Gypsy moth - an insect species that is invasive to trees - is experiencing a local resurgence due to the dry spring conditions of the last several years.
The dry conditions have reduced the effect of the Japanese fungal pathogen Entomophaga maimaiga, which has been successful in controlling the growth of gypsy moth populations in North America.
Residents are encouraged to help the City of East Lansing monitor and control this threat through early identification and intervention:
Gypsy moth eggs
Keep an eye out for presence of large numbers of whitish/tan egg masses on oak trees and other types of trees.
A sticky substance called Tanglefoot is available through retailers locally and online. It can be applied to tree trunks in the spring to capture caterpillars, reducing their impact to trees. Wrapping a 12-inch strip of burlap or similar material around the trunk of a tree and securing it in the middle of the strip so that the material folds in half to form a double flap about 6 feet wide can also be helpful in capturing migrating caterpillars. More info.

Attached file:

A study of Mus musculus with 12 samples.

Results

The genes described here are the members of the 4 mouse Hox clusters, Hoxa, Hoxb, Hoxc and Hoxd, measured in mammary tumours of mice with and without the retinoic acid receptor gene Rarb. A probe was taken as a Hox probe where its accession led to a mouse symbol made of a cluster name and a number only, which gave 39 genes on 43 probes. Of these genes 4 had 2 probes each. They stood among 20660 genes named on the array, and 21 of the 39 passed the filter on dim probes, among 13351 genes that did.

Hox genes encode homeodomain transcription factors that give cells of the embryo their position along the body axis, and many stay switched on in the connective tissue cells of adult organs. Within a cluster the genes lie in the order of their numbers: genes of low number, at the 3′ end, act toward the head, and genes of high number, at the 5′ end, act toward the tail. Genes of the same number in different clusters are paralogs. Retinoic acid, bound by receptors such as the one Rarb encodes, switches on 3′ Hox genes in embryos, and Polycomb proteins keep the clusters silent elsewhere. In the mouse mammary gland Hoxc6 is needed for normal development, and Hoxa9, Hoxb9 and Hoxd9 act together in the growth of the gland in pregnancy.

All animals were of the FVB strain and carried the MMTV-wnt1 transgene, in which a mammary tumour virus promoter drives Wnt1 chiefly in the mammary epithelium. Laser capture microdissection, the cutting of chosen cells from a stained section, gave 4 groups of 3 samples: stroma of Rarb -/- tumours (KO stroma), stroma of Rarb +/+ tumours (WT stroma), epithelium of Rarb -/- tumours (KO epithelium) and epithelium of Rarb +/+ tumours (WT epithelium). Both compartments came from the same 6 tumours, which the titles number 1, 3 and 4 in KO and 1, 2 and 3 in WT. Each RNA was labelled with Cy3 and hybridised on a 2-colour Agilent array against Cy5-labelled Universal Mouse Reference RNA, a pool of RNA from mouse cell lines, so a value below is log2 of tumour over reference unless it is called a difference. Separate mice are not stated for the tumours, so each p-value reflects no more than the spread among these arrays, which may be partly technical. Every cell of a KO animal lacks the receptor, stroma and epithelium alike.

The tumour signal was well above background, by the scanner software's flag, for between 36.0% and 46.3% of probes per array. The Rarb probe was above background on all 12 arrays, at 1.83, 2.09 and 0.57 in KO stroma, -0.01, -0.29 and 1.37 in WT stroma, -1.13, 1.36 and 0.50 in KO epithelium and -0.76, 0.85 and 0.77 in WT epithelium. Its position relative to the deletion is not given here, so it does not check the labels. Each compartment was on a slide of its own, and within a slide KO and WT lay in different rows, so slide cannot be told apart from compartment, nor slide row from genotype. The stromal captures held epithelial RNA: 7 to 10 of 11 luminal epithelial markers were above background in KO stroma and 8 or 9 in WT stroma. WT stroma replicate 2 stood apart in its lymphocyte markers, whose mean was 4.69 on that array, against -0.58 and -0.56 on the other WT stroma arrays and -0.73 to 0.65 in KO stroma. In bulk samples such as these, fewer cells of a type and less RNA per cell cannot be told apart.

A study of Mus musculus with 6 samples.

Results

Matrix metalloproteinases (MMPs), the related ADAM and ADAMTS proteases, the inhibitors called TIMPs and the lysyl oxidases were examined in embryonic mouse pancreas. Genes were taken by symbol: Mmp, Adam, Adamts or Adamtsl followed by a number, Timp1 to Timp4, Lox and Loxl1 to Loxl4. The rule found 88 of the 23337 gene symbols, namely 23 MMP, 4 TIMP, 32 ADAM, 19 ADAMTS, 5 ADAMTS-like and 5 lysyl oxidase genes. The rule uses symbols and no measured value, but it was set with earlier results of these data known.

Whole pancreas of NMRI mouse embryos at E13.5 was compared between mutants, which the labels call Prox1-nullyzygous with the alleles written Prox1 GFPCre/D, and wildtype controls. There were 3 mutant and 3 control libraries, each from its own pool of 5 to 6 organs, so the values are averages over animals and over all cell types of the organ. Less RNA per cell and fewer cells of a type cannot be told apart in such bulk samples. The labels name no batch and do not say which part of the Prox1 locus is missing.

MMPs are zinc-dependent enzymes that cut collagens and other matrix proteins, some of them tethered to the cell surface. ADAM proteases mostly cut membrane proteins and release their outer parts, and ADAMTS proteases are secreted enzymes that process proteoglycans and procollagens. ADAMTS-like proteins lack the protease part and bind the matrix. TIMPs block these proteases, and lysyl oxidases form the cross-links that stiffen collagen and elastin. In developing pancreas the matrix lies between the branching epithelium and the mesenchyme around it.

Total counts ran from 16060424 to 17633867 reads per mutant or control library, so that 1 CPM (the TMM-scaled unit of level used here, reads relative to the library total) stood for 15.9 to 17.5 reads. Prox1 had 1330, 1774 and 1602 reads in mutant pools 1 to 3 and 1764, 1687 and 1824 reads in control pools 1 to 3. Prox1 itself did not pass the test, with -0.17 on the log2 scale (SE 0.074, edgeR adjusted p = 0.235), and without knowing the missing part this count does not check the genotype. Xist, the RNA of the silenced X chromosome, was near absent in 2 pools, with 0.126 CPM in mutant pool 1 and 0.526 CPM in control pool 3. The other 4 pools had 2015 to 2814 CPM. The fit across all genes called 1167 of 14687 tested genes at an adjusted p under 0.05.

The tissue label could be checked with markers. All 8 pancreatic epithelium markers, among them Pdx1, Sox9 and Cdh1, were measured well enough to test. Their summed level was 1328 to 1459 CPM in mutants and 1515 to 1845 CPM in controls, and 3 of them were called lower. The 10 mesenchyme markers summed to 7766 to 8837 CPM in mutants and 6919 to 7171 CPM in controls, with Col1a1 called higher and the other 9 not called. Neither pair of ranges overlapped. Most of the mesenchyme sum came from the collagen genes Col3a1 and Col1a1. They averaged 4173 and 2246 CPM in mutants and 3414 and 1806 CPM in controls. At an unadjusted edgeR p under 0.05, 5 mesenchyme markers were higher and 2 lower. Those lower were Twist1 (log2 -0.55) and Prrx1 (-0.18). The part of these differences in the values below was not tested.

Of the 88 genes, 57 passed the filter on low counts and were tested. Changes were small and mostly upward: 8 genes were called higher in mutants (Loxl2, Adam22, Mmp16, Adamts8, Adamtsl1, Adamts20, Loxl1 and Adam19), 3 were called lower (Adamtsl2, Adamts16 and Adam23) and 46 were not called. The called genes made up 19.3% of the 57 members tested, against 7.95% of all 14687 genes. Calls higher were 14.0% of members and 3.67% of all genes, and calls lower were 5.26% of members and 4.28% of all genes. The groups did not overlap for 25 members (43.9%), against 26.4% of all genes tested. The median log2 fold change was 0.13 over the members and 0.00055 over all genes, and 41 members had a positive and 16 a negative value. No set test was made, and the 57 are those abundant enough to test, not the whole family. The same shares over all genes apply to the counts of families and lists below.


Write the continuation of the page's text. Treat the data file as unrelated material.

Keeping trees and soil well watered in the spring will reduce tree stress and help E. maimaiga grow, thus reducing the Gypsy Moth population.
Do you have gypsy moth caterpillars on your trees?
Gypsy moth caterpillars are 2 inches long and have paired red and blue spots, yellow and black heads and long, dark hairs that distinguish them from other species (see photo above). They start off as clumps of eggs and eventually will hatch into a caterpillar. The caterpillars move up the tree throughout the day, so you will most likely see them at the base of the trunk in the early morning.